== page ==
Research and Practice

Journal of Cancer Survivorship OnlineFirst articles


Risk for unemployment at 10 years following cancer diagnosis among very long-term survivors: a population based study

Due to continued improvements in diagnosis and treatment, the prevalence of cancer survivors will probably rise in the next several years [ 1 ], with approximately half of these survivors being of working age [ 2 ]. Meaningful occupational …


Communicating cardiovascular risk to high-risk cancer survivors: a mixed-methods pilot study of a statin risk communication tool

Cardiovascular disease (CVD) is a leading cause of morbidity and mortality in the cancer survivor population, with survivors 7-times as likely to die from a cardiac-related cause than matched members of the general population [ 1 ]. This …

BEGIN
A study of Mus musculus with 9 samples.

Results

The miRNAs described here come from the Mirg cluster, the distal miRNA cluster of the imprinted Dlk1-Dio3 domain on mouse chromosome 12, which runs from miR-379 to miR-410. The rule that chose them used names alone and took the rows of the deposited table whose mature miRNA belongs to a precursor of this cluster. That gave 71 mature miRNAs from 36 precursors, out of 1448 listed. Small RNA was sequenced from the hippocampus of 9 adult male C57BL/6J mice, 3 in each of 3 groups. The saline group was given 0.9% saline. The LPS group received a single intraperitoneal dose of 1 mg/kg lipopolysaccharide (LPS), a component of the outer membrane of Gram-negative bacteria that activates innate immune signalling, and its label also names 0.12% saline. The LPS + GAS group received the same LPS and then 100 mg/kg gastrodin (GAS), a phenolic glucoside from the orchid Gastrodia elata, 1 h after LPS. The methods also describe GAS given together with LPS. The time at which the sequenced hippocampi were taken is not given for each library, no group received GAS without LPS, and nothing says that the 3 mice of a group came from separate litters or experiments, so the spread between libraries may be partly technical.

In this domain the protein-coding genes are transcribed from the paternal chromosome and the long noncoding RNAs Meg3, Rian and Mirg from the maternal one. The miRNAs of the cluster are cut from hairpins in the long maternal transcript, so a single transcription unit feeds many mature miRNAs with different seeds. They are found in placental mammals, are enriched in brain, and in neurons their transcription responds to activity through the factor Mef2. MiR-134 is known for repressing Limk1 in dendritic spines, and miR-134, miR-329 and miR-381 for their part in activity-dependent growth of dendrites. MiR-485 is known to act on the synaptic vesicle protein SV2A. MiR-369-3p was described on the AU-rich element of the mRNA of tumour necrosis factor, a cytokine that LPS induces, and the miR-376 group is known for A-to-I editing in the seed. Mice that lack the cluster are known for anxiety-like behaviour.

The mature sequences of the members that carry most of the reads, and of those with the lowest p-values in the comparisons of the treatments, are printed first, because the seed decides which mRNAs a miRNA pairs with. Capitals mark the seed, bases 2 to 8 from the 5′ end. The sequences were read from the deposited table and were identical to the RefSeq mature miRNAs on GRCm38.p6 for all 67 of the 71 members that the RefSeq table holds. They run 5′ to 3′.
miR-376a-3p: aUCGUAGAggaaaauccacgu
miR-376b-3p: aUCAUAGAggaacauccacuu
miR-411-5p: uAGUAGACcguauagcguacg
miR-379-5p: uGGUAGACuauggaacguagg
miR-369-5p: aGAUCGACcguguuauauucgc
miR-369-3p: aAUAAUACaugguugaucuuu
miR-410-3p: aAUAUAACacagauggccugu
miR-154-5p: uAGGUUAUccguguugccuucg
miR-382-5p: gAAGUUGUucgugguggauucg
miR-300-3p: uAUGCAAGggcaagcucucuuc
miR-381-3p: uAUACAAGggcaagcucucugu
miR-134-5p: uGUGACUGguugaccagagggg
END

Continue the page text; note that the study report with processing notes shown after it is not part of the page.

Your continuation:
06.02.2020 | Review

Impact of treatment summaries for cancer survivors: a systematic review

Improvements in cancer treatment have led to improved survival rates and an increased awareness of the long-term physical and psychosocial impacts of cancer treatment [ 1 ]. A report by the Institute of Medicine in 2006 bought attention to the …

15.01.2020 Open Access

Type of cancer treatment and cognitive symptoms in working cancer survivors: an 18-month follow-up study

Worldwide, 40–50% of all newly diagnosed cancer survivors are of working age and therefore, potentially part of the labor force [ 1 , 2 ]. Overall, the percentage of cancer survivors able to return to work is 63.5% (range 24–94%) [ 3 ]. Despite …

14.01.2020 Open Access

Comparison of health behaviours between cancer survivors and the general population: a cross-sectional analysis of the Lifelines cohort

The incidence of cancer is rising, due in large part to an ageing population [ 1 ]. Moreover, these patients tend to be surviving for longer; thanks to earlier detection, better diagnostic and staging methods and improved treatments [ 2 ]. About …


The journal presents peer reviewed papers relevant to improving the understanding, prevention, and management of the multiple areas related to adult cancer survivorship that can affect quality of care, longevity and quality of life.